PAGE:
This article is part II of a three-part story adapted from Give Magazine Summer 2018. See a link at the end of the article to continue to Part III of this story from Give Summer 2018.
The 2017/18 school year got off to a rough start at Park Lane Elementary. Several new students brought serious behavioral issues that rattled teachers and Principal Duran. A chair was thrown. Teachers reported feeling unsafe and unsure how to handle these kids, who seemed mad at the world.
“We have had kids who deal with all kinds of issues,” says Duran. “Social and emotional issues, trauma, different family issues. One of our students had a mom who was coming out of prison and was upset about that. When you have that kind of thing, it can impact the whole school.”
Amid rising tension in the building, Duran called in five of the nonprofit organizations that partnered with Park Lane as part of the Common Sense Discipline initiative. She then invited six teachers who had struggled with the behaviors of students who needed support. The Denver Foundation provided resources to make the deep work possible, including materials, meals, and substitute teachers to cover classroom time.
Throughout the school year, the group took Common Sense Discipline to an intense new level. Working with nonprofits RISE Colorado and the HEARTS program of Aurora Mental Health Center, the teachers thought about what had happened to students rather than what was wrong with them, one of the core principles of trauma-informed care. They learned to recognize trauma in their students and stress in themselves.
With the Public Education & Business Coalition (PEBC), which provides professional development to teachers, they planned lessons that were culturally responsive and relevant. With Dr. Adeyemi Stembridge, a national leader on classroom equity issues and teacher instruction, they tried to shift how they thought about what children bring with them to school each day. To reframe the influence and value of students’ lived experience. What if the hard-edged attitudes of some children, forged in survival, were seen as assets of personal resilience rather than behavioral liabilities?
When Duran invited Lindsay Folker, who teaches fifth-grade literacy at Park Lane, to join the group working closely with Common Sense Discipline, Folker was deeply frustrated, close to burning out. She was sending lots of kids to the office and worried about losing control.
“I was dealing with behaviors in my class—kids yelling, running, being disrespectful, with an unwillingness to work,” says Folker, who left law school to pursue teaching 13 years ago. “In response, you would hear me yelling, telling kids to get out. It was exhausting to never feel like I had a success, that I was failing the kids.
“There was a lot of student and family blaming,” she continues. “Like, ‘Obviously, this kid doesn’t care.’ Or, ‘Why don’t these parents show up?’ It didn’t occur to me then that I needed to build relationships with kids and their families; without the relationship, everything else is moot.” Folker and the other Park Lane teachers in the group, all of whom are white, were challenged to explore how their racial and cultural biases influenced what happened in the classroom. Did they harbor an unconscious belief or attitude that led them to punish students of color more frequently and more harshly than the students who looked more like them? What kinds of expectations did they have of each student’s ability to succeed, and how did that affect their teaching?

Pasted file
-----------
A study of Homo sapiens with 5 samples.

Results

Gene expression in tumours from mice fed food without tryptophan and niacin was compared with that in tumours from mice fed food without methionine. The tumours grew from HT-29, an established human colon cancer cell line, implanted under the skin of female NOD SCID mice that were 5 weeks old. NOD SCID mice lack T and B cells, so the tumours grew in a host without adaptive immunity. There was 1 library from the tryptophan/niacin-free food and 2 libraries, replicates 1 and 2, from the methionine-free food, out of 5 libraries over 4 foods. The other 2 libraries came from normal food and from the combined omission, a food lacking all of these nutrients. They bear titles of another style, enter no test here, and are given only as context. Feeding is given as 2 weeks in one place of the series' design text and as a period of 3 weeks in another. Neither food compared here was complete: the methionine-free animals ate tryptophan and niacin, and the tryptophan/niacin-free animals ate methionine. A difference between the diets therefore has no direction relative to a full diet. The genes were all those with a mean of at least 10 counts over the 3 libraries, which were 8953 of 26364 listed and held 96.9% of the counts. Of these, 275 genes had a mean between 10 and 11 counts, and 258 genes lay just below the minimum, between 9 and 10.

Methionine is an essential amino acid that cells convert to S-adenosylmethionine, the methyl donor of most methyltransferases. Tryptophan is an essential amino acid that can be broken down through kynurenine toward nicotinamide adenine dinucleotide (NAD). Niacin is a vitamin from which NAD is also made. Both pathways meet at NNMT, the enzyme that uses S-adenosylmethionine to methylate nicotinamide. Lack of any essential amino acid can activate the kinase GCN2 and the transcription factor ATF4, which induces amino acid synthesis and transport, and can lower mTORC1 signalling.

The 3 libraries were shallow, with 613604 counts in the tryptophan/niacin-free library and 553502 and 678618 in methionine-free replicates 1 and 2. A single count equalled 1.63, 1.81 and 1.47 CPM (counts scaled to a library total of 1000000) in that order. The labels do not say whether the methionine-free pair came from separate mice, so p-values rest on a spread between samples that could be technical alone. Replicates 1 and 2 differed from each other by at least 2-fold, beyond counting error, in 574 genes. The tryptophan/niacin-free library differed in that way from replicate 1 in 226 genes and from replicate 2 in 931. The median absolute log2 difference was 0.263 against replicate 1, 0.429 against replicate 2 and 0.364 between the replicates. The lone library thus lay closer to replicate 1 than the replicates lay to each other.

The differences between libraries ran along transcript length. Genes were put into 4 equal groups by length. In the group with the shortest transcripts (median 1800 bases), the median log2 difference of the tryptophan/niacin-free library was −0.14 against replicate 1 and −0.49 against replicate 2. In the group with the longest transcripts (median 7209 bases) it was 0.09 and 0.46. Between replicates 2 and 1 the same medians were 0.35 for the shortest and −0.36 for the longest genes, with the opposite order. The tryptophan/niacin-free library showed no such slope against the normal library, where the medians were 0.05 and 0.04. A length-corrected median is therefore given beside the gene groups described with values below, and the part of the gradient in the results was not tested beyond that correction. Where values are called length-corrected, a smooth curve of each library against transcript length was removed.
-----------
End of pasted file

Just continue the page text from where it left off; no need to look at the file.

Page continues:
At first, the conversations were uncomfortable. Folker was already putting in 12- and 14-hour days. Now she was being asked to work on something she had never considered, that was never even mentioned as part of her teacher training: Racial bias.
“I was super defensive in the beginning. ‘How can you tell me I have this and this bias?’” Folker says. “They were scary conversations at first, but necessary. They helped me consider what privileges I have as a white, wealthy woman in the United States with a college education. How does that show up when I’m dealing with children who have racism in their faces all the time?
“Mary has created a safe space for us to be comfortable with being uncomfortable,” Folker says, “and she did it in a way that was always reflective of the needs of the kids. That was always first.”
Folker says that as teachers learned and applied what they learned about Common Sense Discipline, the tone at Park Lane changed. Kids who never spoke up felt heard. Behaviors calmed down. There was a feeling of respect, especially
among students. Her job got easier.
“I’ve seen shifts in the school, in my classroom, and in myself. This work has made me a better teacher and person,” she says. “Honestly, if we hadn’t done this, I would have quit. I wouldn’t be a teacher anymore. That’s how meaningful it’s been.”
Over five years of Common Sense Discipline at Park Lane, disciplinary referrals have decreased by more than 90 percent. Students of color are still disciplined at higher rates than their white counterparts, however. Next year, Principal Duran will work with a new group of six teachers to explore equity through Common Sense Discipline, building on the momentum she feels in her building.
“We see it in the relationships between teachers and kids,” she says. “The way kids talk about learning. We see growth in proficiency and assessments. More parent involvement and family engagement. And we see it in kids being happy.”